A recent nationwide survey by the Australian Centre for Family Business at Bond Universityfound more than 40% of family businesses are looking to transfer their wealth and operations to other people in the next five years. But the survey also found that most of the owners of those family businesses are not thinking about succession planning.
In an overwhelming majority, 93% of the survey’s respondents intend to transfer their business wealth within the family, but only 39% of respondents have a complete succession plan that nominates a chief executive successor. Research also shows that more than 65% of family businesses fail after having been passed to a second generation and another 20% fail when they’re passed on again.
The most common causes of business failure are:
These worrying indicators themselves warrant a simple to-do checklist for family businesses considering succession planning in the next few years.
Your 5-step succession planning checklist
1. Decide on who a successor should be
When choosing a successor from your family, think about what is best for the future of the business. Don’t let emotions cloud your judgement – understandably difficult, but vital. Also, be aware of the potential problems when choosing a family successor. Choosing just one may cause conflict if others are interested in taking over but if you appoint more than one successor, the business may be left without a clear leader.
Evaluate your situation by ensuring your successor has both the necessary skills and passion to take over the business – children, for example, should earn their right to be at the head of a business rather than having it handed to them as a mere birth right. A board of non-family members or an adviser may help provide an objective opinion.
Multi-generational family businesses often succeed when the decision to remain in business together is made by the children themselves, rather than the parents. Parents should continuously include their children in the decision-making process about succession and leave them to make their own decisions about their future prospects at a more appropriate time.
2. Train the successor
Owners of family businesses often make the fatal mistake of giving the business to their children or siblings with minimum notice and a lack of training. Succession planning is a systematic process, not a one-off incident – start teaching your successor about the business’ operations and finances. It takes years to get up to speed with everything.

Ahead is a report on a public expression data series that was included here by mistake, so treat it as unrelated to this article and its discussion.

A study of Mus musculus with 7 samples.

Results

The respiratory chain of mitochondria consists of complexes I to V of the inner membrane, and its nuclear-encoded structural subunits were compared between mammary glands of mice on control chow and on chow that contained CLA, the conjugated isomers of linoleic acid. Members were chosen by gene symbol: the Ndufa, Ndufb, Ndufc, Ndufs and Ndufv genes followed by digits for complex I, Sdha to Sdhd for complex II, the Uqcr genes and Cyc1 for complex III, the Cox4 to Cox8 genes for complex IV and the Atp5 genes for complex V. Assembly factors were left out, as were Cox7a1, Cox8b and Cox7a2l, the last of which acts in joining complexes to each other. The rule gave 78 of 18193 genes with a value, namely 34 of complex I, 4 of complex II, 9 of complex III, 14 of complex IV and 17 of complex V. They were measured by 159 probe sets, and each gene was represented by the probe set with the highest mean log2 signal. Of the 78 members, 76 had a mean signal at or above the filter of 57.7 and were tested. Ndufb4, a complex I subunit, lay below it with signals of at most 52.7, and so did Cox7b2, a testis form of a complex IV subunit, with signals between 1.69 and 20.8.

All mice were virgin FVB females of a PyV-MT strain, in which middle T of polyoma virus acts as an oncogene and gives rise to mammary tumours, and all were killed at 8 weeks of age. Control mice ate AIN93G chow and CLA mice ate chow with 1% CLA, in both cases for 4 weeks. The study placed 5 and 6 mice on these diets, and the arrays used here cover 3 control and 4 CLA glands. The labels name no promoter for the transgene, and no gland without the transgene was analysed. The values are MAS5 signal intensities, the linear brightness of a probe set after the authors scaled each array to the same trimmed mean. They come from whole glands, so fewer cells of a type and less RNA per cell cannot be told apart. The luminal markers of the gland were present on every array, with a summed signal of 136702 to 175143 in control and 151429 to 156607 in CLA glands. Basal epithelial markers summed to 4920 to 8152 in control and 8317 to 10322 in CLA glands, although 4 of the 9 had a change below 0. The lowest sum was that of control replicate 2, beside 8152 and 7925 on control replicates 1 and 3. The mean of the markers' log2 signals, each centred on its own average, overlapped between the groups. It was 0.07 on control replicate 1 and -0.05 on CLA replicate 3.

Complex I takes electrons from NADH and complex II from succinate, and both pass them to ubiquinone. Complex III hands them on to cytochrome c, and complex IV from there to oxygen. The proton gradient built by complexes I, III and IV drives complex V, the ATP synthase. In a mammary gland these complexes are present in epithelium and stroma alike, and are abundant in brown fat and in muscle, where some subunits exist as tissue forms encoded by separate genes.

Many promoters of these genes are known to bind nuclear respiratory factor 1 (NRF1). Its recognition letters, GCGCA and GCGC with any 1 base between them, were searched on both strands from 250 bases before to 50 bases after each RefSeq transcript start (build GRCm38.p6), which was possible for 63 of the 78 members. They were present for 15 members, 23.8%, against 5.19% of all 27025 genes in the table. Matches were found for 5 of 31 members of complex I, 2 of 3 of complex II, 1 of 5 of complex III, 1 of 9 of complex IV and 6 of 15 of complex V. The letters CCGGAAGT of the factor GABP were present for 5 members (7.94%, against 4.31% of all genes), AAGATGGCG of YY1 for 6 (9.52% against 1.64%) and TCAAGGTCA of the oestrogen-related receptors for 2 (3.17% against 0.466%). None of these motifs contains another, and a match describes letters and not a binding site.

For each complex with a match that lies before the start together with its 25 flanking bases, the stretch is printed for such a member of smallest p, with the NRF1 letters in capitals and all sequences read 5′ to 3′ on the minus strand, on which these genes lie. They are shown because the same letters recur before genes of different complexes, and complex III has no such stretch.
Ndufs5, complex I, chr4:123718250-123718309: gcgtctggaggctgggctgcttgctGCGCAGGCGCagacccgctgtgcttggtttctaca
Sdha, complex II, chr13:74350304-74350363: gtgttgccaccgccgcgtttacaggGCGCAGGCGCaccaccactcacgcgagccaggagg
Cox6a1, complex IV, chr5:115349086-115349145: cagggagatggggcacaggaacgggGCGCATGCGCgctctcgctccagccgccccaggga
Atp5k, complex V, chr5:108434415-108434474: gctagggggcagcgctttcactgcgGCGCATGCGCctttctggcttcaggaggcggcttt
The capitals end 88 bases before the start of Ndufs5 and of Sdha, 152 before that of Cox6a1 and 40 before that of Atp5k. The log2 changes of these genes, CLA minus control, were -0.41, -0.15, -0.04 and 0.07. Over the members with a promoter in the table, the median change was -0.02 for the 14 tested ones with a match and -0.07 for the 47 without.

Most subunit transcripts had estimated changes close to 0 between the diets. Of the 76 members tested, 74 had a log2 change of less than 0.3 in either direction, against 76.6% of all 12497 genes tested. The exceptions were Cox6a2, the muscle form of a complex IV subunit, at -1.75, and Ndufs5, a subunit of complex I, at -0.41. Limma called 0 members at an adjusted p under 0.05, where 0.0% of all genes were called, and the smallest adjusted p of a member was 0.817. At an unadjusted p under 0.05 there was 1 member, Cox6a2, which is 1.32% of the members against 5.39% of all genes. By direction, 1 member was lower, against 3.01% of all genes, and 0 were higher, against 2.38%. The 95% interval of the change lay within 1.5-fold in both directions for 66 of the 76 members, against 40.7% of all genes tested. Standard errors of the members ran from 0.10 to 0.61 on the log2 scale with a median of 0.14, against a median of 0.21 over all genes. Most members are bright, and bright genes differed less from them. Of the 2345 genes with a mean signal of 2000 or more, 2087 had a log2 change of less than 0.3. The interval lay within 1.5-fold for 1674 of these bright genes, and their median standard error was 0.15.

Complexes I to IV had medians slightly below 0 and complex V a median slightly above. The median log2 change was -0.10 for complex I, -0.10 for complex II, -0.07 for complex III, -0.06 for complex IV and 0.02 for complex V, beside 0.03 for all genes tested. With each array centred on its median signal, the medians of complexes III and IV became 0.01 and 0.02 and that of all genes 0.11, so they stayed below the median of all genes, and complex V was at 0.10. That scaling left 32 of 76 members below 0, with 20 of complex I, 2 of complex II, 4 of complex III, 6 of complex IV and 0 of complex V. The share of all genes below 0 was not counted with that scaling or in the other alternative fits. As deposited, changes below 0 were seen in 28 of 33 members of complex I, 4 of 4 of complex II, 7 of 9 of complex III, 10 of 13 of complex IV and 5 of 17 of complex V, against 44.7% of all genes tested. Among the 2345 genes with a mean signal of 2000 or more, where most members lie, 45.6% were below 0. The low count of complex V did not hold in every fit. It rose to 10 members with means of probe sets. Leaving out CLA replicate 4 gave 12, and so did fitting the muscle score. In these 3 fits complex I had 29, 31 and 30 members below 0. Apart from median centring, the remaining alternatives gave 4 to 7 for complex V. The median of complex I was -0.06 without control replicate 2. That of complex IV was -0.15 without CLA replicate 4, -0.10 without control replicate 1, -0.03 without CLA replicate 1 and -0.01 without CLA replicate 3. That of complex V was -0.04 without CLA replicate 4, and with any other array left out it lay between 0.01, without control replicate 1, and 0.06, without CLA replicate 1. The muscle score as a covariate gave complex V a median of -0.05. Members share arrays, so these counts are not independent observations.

Identify areas of expertise that are fundamental to your business and determine if your successor fits the bill. Conduct regular appraisals, give performance feedback and assign higher-level projects to prepare them for the tougher challenges they will face down the road.
Transfer of knowledge is critical to succession planning. Successors need to:
3. Work on a succession plan
A complete succession plan has to incorporate the core values of your business and should:
Also think about financial and legal issues such as:
Identify risks and common goals, potential conflicts and ask this office for assistance if necessary. Also consider if you need to transfer both ownership and management, if ownership will be equal among family members and if the management team should include non-family members.
You may have to continually revisit your plan, review and update it to reflect changes in business value, market conditions, your own health as well as the suitability of the successor you intend to pass it on to. Regularly review your plans with family to ensure they are aware of and happy with the development of the business.
4. Show your faith
If you do not show your confidence in the proposed successor and demonstrate to employees that you trust this nominated person to take over your business, your business is not likely to succeed after you’re gone. Ensure everyone knows who your successor is and how excited you are for her or him to take over the reins and develop the business. Do not force the successor to mimic your management style or business values.
5. Consider external options
If there is no one suitable within your business or family, consider looking externally too. There is no benefit in having an uninterested daughter or an incapable son running things. Look for candidates that have strong talents, skills that will complement the business, and a resourceful and enthusiastic approach towards work. If you end up selling or passing on your business to an outsider, you may be able to negotiate a provisional consulting and training period where you remain in the business to ensure a smooth transition.
The sooner a succession plan is put together, the better, but this is by no means an exhaustive list of all the factors you have to consider. Consult this office for professional advice before selling or passing on your business to your successor.